Emotional eating is a way to deal with emotions and issues such as stress, anger, anxiety, boredom, sadness and loneliness; and typically leads to eating too much food, especially high-calorie, sweet, salty and fatty foods.
In the Mood for Food?
Stressful events and circumstances can trigger emotions that lead to overeating. Some foods may actually have addictive qualities. For example, when you eat foods such as chocolate, your body releases trace amounts of mood- and satisfaction-elevating hormones.
Food can act as a distraction. If someone is worried about something, eating comfort foods may distract them. Unfortunately the distraction is only temporary, and when theyre finished they will not only continue with their worries, but will now feel guilty about overeating.
Almost everyone overeats on occasion, having seconds or thirds of a holiday meal or eating too many candies at Halloween. But when overeating becomes a regular occurrence a binge-eating disorder may be the issue. This is a serious eating disorder where a person frequently consumes unusually large amounts of food. Mental health experts trying to understand what factors may contribute to the risk of developing binge-eating disorder.
When the Problem is Binge Eating
It is estimated that up to 4 percent of the U.S. population has binge-eating disorder. Both children and adults can develop binge-eating disorder, but it’s most common in adults ages 40 to 50, and more common in women than in men. A binge eater may eat 10,000 to 20,000 calories worth of food in one sitting, while someone following a normal diet may eat 1,500 to 3,000 calories in a day.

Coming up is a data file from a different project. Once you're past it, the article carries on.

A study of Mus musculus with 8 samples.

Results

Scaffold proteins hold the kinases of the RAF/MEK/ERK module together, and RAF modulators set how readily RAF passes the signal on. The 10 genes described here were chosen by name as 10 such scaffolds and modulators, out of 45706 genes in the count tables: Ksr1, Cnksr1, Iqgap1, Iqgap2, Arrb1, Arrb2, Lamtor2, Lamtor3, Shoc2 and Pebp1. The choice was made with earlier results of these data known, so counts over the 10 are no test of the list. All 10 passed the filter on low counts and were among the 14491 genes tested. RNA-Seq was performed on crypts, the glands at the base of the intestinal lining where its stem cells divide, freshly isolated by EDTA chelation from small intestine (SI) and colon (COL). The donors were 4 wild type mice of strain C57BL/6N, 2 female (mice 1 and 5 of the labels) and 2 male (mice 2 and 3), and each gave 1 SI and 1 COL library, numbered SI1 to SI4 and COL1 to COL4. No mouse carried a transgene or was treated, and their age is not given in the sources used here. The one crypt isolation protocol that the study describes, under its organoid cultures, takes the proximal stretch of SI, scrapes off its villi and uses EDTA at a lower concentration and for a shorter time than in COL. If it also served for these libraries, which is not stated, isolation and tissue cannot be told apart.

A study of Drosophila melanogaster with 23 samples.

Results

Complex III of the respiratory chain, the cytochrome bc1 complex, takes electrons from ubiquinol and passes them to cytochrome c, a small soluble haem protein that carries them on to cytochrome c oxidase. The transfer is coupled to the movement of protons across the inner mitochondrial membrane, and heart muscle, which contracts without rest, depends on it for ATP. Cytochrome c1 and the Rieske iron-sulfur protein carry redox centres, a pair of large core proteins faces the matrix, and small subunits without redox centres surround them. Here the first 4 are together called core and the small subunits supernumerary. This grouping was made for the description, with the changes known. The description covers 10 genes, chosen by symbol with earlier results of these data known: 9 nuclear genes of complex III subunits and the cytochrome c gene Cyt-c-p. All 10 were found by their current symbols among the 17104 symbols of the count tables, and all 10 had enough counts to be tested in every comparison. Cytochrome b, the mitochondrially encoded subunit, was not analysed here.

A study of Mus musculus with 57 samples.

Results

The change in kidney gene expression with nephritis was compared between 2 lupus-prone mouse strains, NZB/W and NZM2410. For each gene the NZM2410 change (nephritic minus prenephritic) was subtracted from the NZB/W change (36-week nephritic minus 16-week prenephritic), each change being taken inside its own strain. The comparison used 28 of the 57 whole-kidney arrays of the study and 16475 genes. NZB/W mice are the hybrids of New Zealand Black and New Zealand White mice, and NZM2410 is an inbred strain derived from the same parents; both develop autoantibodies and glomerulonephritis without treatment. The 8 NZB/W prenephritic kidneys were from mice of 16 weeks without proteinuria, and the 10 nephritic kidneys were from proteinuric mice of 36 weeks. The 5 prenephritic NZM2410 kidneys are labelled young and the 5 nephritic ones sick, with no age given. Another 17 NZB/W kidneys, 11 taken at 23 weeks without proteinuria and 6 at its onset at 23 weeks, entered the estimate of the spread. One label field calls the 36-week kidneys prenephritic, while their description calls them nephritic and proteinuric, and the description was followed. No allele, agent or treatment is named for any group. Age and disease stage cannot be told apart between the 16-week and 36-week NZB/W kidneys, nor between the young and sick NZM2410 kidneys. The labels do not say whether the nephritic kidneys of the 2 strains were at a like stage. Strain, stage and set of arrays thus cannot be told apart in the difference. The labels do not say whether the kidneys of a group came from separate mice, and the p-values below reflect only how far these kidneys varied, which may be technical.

Binge eaters often have numerous behavioral and emotional signs and symptoms. These may include:
Eating large amounts of food
Eating even when they rae full
Feeling that eating is out of control
Depression and/or anxiety
Frequent dieting without weight loss
Frequently eating alone
Hiding empty food containers
Feeling depressed, disgusted or upset about eating
Anyone with binge-eating disorder symptoms should seek medical help as soon as possible. Binge-eating disorder usually doesn’t go away on its own; and it may even get worse if left untreated. The first place to go is to a primary care doctor. However, he may advise the person seek help directly from a mental health provider.
In the meantime, the following are some strategies the overeater can use to regain control of their eating habits:
Learn to recognize true hunger. Hunger may be emotional and not physical.
Keep a food journal. Write down what and how much is eaten. Over time patterns will emerge that reveal negative eating patterns and triggers to avoid.
Seek comfort in something other than food. Find other ways to de-stress, such as taking a walk, talking to a friend or doing something else that is pleasurable such as a hobby.
When shopping for food, buy healthy foods rather than unhealthy ones. Avoid having an abundance of high-calorie comfort foods in the house. When feeling blue, postpone the shopping trip for a few hours so that these feelings don’t influence decisions at the store.
Eat a balanced diet. Try to eat at fairly regular times and don’t skip breakfast. Include foods from the basic groups in meals, emphasizing whole grains, vegetables and fruits, as well as low-fat dairy products and lean protein sources.
Exercise regularly and get adequate rest. A persons mood is more manageable and their body can more effectively fight stress when it’s fit and well rested.
Make Plans Now Before Overeating Takes Control
Dont give in to emotional eating. Make a plan now to recognize what triggers overeating and this will help to prevent it in the future. Focus on the positive changes made and the reality that these changes will ensure better health and long-term happiness.